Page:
How the DAT is Scored
DAT scores are reported by the ADA (American Dental Association) as eight standard scores.The first six scores are from the individual tests themselves, i.e. biology, general chemistry, organic chemistry, perceptual ability, reading comprehension, and quantitative reasoning. These multiple choice questions are first scored right or wrong resulting in a raw score. Note that wrong answers are worth the same as unanswered questions so ALWAYS ANSWER ALL THE QUESTIONS even if you are not sure of certain answers. The raw score is then converted to a scaled score ranging from 1 (lowest) to 30 (highest). A test section that is skipped will be scored 1. This is neither a percentage nor a percentile.
The test is not based on a curve. Essentially, DAT performance is measured using an ability-referenced system. Based on standard scores, your abilities (i.e. knowledge and problem solving skills) are directly compared to that of the other DAT examinees.
The remaining two scores are Total Science (TS) and Academic Average (AA). The Total Science score is the standard score for the 100 questions in the Survey of Natural Sciences as a whole – NOT THE AVERAGE OF THE STANDARD SCORES of the Science subtests. This is derived from the sum of your raw scores each in biology, general chemistry, and organic chemistry. The total score is then converted to a standard score for Total Science. In contrast, a score in the Academic Average is the rounded average of the standard scores from the reading comprehension (RC), quantitative reasoning (QR), biology (BIO), general chemistry (CHM), and organic chemistry (ORG) tests. Here is an example of an Academic Average calculation:
|QR – 19||RC – 21||BIO – 22||CHM – 21||ORG – 20|
TOTAL: 103 ÷ 5 = 20.6; rounded up to the nearest whole, the Academic Average for these scores would be 21. Standards for interviews or admissions may vary for the individual scores, Total Science and the Academic Average. For example, one particular dental school may establish a cutoff (minimum) of 17 for all sections. In other cases, admissions committees assess candidates against a mean of DAT scores in a particular batch of applicants; therefore, the range can vary from year to year. Consider examining DAT scores from dental schools below, carefully reviewing their websites for specific admissions requirements, and contacting individual programs wherever you may have any doubts.
Average, Good and High DAT Scores
Because the DAT uses an ability-referenced measurement, there are no "pass" or "fail" marks. Rather, the standard score indicates your test performance relative to all the students who did the same test on the same day. This means that the national average on the scored sections is not always a guarantee for acceptance in a dental program. In most instances, what is considered "average" depends on the entering batch of a particular academic year. Nationally, 17/30 would usually be the overall mean or average DAT score given all test takers.
Based on the preliminary data from the ADEA (American Dental Education Association) Survey of U.S Dental School Applicants and Enrolees in 2013, the Enrolee DAT score for the Academic Average ranges from 12 – 28, the Perceptual Ability score ranges from 10 – 30, and the Total Science score ranges from 12 – 30. Likewise, a "good" score may be good enough for admittance to one dental school but below the cut off of another. The best way to find out is to consult the websites of the dental institutions to which you intend to apply. Your main aim is to achieve the scores that will put you on a competitive footing among all the other applicants. The average DAT (AA) score for students accepted to dental school in 2013 was 19.9 and the average GPA was 3.50.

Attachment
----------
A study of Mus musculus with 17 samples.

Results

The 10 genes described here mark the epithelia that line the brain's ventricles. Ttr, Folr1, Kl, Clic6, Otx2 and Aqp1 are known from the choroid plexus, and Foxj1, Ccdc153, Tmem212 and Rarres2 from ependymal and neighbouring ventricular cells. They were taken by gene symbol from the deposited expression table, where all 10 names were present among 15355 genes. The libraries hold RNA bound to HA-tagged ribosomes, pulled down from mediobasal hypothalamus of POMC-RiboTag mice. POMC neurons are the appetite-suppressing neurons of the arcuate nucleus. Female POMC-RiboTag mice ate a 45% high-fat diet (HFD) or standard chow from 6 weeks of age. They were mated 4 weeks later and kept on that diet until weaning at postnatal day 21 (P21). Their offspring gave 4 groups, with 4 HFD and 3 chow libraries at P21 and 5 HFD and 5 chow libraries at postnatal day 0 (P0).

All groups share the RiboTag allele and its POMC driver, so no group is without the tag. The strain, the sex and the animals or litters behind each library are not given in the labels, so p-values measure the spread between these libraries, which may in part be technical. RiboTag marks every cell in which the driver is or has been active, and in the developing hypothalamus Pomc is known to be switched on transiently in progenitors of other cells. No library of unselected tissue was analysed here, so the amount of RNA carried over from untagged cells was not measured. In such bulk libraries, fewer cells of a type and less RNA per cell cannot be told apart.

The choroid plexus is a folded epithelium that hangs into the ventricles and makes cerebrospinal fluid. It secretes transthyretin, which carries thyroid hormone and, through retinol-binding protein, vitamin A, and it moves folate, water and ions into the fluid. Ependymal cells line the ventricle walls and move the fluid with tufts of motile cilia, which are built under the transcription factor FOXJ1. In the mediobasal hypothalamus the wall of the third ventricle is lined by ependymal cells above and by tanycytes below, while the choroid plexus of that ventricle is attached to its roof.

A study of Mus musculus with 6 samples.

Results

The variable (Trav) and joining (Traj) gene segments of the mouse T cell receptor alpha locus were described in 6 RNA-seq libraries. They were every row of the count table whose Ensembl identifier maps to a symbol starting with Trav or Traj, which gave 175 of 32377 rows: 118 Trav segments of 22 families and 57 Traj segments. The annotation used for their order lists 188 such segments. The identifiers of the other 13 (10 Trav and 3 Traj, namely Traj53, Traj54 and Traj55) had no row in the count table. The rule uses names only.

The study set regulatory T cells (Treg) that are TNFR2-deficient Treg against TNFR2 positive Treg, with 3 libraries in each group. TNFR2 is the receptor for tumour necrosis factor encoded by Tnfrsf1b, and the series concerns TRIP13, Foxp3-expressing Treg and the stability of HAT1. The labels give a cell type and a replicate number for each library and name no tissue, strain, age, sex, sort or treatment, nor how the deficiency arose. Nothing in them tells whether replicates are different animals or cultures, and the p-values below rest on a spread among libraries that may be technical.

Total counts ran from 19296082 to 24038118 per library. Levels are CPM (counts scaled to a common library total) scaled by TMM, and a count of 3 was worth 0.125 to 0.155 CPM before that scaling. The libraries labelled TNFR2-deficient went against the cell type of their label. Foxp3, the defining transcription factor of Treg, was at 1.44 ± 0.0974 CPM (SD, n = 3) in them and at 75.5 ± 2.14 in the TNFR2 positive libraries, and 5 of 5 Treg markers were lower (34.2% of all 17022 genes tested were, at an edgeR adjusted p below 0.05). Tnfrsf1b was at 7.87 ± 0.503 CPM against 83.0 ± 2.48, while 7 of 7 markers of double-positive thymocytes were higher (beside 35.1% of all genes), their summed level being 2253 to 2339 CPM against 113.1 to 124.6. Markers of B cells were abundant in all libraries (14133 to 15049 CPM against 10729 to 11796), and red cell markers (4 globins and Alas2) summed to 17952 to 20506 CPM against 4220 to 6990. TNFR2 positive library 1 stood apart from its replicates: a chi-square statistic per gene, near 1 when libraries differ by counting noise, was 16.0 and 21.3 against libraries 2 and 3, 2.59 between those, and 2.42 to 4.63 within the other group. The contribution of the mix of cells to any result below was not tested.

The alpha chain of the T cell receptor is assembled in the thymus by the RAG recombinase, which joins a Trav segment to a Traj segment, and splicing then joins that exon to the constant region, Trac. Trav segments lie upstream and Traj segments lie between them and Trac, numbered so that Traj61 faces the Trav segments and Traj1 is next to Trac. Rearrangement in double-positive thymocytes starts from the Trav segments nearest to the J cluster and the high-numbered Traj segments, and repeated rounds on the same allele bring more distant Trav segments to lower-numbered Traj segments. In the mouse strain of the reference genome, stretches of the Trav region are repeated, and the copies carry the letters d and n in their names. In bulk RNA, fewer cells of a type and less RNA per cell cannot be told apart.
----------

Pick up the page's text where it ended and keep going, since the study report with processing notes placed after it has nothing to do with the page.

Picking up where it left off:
DAT Percentile Rank Estimates
Please keep in mind that the percentile rank indicates your test performance relative to all the students who did the same test on the same day. It records the percentage of students whose scores were lower than yours. Percentile ranks are not used as dental school admissions criteria and the following percentile ranks fluctuate significantly from year to year.
|DAT Score (Quantitatively)||Percentile||DAT Score (Qualitatively)|
DAT Scores by Dental School
Please refer to the table below for the average DAT and GPA scores of the US Dental School Enrolees in 2015.
Source: 2015/2016 ADEA Official Guide to Dental Schools
When are the DAT Scores Released?
Right after completing the DAT, you are provided with an unofficial score report at the Prometric Test Center. This report will then be audited for accuracy and verified by the Department of Testing Services. Official scores are forwarded within three to four weeks to the dental schools, which are indicated on your DAT application. The ADA also sends the scores to the appropriate standardized application service such as the Associated American Dental Schools Application Service (AADSAS) or the Texas Medical and Dental Schools Application Service (TMDSAS) in case the specified dental schools participate in any one of these services. Scores are then posted to your dental school application and then forwarded to the respective faculties within one week. In such a case, you can confirm the proper submission of your official DAT scores by logging into your ADEA AADSAS application. Requests of additional copies and/or recipients mean additional fees and transmittal time. For more details about this process, please check the ADA website.
Best Prep for a High DAT Score
The Gold Standard DAT’s best prep for a high DAT score includes 4 books, online NS videos, MP3s, flashcards and practice tests including TopScore Pro. Our team of authors includes applicants with very high DAT scores (AA: 27) who were accepted to Ivy League dental schools. Come learn from our experience. Click on the image below for more information.